A future storage technology from IBM that moves magnetically-stored data electronically. It comprises millions of U-shaped wires perpendicularly placed on a silicon substrate with the read/write heads located at the bottom of the U. The wires are less than one micron in diameter. Approximately 100 bits of data are magnetically written onto each wire and are moved up and down the wire by applying a positive or negative pulse at one end.

The bits move at more than 300 feet per second, which is considerably faster than the spinning platters of modern-day hard disks.

From RACE to Racetrack
The potential capacity and speed of racetrack memory dwarfs the specifications of even the most advanced hard disks. If racetrack memory ever becomes a commercial product, the comparison to the first Race-named storage device will be even more staggering. In the 1960s, RCA introduced Random Access Card Equipment (RACE), a storage device that moved 4x18" magnetic cards around a raceway (see RACE).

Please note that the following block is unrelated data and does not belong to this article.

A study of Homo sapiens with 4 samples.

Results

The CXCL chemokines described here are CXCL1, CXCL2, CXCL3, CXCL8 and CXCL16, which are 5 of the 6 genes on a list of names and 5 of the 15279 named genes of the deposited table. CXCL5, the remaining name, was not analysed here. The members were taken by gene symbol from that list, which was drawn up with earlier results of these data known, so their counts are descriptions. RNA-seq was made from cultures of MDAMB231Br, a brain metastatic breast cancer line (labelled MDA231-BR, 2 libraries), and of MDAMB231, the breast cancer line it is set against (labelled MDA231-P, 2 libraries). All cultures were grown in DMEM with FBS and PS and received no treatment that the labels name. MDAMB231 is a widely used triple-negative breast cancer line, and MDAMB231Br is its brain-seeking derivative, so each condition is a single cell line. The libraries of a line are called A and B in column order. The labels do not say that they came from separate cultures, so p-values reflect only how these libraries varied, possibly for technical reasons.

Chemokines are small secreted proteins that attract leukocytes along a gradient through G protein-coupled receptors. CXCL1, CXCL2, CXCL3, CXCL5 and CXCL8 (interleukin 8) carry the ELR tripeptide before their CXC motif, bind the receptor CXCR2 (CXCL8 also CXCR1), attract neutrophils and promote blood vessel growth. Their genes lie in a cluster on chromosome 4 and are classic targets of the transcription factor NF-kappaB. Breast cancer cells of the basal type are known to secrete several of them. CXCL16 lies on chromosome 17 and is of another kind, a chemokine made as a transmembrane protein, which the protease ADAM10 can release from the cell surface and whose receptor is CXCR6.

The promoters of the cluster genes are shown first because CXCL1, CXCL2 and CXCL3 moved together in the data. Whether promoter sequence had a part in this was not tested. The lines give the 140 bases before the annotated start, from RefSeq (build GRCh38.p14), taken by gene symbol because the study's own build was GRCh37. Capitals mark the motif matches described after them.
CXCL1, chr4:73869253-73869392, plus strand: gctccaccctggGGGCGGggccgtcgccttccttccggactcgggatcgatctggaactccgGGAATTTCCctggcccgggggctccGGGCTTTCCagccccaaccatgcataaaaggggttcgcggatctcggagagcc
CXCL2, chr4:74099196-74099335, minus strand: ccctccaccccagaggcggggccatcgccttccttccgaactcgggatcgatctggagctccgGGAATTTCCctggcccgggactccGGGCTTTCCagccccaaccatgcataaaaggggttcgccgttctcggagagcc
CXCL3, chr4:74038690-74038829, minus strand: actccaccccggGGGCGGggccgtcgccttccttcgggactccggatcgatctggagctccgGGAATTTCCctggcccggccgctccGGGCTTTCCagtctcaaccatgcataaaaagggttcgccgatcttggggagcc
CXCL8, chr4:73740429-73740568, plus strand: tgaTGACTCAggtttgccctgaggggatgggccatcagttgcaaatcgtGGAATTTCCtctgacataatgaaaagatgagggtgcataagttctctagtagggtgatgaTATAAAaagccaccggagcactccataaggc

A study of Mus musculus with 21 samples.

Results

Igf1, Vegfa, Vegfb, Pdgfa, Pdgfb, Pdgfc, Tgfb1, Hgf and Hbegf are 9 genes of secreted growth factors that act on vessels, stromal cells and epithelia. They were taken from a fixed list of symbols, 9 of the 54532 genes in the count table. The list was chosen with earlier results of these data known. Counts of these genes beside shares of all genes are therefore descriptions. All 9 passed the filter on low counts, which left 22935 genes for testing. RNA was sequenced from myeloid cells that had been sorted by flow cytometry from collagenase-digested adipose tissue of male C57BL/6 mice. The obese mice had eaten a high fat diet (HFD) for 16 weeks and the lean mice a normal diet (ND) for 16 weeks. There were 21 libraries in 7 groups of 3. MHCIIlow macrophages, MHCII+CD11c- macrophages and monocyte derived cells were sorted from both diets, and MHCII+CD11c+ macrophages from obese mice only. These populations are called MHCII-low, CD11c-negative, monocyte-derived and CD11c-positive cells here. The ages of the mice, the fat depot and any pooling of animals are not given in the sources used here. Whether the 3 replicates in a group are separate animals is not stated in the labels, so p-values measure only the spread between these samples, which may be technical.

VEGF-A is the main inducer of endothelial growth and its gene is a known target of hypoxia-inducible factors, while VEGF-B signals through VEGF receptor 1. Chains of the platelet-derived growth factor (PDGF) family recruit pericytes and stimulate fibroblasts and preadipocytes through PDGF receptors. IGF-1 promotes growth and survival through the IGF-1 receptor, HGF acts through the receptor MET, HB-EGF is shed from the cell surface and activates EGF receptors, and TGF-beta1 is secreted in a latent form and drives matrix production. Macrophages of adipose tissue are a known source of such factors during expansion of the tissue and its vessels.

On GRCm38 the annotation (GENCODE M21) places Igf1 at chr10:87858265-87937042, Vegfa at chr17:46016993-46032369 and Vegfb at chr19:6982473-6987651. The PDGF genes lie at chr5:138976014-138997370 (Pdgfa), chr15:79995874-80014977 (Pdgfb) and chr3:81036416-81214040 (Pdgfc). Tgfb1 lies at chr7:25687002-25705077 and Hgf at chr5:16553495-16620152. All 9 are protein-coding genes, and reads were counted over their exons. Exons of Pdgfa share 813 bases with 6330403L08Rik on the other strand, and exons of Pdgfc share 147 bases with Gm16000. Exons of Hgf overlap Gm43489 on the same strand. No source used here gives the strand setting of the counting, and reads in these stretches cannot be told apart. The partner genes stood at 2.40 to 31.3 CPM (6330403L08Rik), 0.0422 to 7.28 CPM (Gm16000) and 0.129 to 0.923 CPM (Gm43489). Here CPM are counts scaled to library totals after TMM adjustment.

A Single Racetrack
Positive and negative current applied to one end of the racetrack moves the magnetic domains up and down the wire (the racetrack). (Image courtesy of IBM Almaden Research Center,


(1) See race condition and RACE encoding.

(2) (Research And Development of Advanced Communications) A European program of telecommunications R&D introduced in 1987. Over the subsequent 10-year period, more than 100 projects were undertaken.

(3) (Random Access Card Equipment) An early magnetic card mass storage device from RCA that was used with its IBM-compatible Spectra 70 mainframes. The units read and wrote data on a deck of 4x18" cards with a magnetic recording surface. The card was released from the cartridge, passed down a raceway, wrapped around a read/write head and returned. Operating in the late 1960s, the machine jammed frequently, and an operator had to remain nearby to extricate and replace the damaged cards. See CRAM, Data Cell and racetrack memory.